The Atlantic Lottery Corporation is preparing to expand a new online casino to residents of P.E.I. and Nova Scotia. This follows on the heels of access to New Brunswickers last August.
Now Liberal finance critic and former P.E.I. finance minister, Heath MacDonald, says this is a bad idea. Prince Edward Island’s standing committee on health and social development will investigate the mental health implications.
Participation has already been approved by P.E.I. cabinet. The provincial Department of Finance explained that its goal was to ensure residents “play in a safe and regulated environment.
According to MacDonald, the timing is so wrong. He has asked the standing committee to prioritize the matter. He is concerned about the online casino allowing large bets.
“We’ve just lived through nine months of a lot of anxiety, a lot of mental
illness, and the numbers are increasing daily. I think addiction was a topic of
many discussions for many people — all Islanders, many people, many families.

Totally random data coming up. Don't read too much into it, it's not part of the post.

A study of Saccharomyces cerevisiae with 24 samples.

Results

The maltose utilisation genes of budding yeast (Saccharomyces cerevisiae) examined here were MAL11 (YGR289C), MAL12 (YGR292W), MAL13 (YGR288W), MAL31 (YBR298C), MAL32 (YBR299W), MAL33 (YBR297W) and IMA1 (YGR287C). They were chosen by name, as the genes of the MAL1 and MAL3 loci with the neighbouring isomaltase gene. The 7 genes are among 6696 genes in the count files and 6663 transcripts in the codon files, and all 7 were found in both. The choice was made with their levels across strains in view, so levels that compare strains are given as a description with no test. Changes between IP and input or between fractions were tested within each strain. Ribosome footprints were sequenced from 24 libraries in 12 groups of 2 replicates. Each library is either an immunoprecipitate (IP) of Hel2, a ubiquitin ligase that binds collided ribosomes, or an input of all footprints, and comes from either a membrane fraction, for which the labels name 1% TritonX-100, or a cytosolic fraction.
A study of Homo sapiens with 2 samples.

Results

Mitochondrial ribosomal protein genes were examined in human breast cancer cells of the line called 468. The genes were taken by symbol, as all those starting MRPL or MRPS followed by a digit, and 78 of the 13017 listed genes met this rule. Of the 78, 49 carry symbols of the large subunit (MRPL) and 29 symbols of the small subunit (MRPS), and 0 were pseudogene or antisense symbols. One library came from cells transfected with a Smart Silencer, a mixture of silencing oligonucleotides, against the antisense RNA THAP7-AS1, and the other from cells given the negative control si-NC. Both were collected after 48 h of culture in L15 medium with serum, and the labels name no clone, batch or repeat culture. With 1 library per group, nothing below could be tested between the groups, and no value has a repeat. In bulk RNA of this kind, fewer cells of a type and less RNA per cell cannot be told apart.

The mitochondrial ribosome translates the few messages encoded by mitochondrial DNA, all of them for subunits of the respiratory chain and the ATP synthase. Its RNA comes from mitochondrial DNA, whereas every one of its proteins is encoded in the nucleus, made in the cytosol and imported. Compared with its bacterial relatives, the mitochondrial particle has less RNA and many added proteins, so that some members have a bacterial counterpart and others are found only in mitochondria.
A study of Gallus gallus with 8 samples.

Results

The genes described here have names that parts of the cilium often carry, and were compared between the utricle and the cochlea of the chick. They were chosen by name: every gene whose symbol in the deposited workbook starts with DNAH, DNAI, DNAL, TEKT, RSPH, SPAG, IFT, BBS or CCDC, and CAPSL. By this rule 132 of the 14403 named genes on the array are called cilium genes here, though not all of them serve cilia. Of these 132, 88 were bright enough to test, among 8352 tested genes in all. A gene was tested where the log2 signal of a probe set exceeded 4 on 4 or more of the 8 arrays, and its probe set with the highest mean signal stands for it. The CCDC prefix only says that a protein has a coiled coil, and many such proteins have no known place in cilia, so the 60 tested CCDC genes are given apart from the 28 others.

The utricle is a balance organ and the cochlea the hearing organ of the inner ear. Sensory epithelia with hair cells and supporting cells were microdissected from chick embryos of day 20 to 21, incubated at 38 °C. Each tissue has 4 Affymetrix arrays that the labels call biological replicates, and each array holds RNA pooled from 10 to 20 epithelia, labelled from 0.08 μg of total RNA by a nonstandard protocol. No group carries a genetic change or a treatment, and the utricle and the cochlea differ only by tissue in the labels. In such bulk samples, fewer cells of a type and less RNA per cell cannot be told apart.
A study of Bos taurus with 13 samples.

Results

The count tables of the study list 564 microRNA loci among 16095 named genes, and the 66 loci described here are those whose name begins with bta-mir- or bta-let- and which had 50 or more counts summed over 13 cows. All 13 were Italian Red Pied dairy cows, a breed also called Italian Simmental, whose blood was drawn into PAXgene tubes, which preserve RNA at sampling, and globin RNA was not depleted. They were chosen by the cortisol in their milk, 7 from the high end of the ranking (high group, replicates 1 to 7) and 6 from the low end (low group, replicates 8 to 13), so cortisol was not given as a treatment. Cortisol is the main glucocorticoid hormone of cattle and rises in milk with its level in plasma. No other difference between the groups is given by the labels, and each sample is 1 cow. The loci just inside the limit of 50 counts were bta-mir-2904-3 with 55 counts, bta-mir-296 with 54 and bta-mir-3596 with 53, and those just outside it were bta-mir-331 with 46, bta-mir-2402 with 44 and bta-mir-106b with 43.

He added that one of the addictions is gambling addiction.
The committee has voted unanimously to call witnesses as soon as possible, including the provincial addictions coordinator and a researcher from UPEI, as well as a representative from public health. Of government sanctioned online gambling,
MacDonald commented that
‘We really have to take a serious look at what it can do to individuals and their families.”
New Brunswick residents are able to gamble up to $500 on a hand of blackjack or up to $100 on a single pull of a virtual slot machine. This 40 times more than the legal limit allowed for physical video lottery terminals in the province.
After years of being turned down, Atlantic Lotto maintains that now is the right time to launch its site. About $100 million is lost to offshore websites. MacDonald is adamant.
“To make a decision to bring forth this kind of alternative gambling is
simply wrong, and government should look at reversing its decision.”
He hopes that expert testimony will lead the government to agree with him. “It’s not very pretty and it’s not pleasant.” MacDonald also noted that he “didn’t want to have any part of it” when a similar proposal was pitched when he was P.E.I.’s finance minister.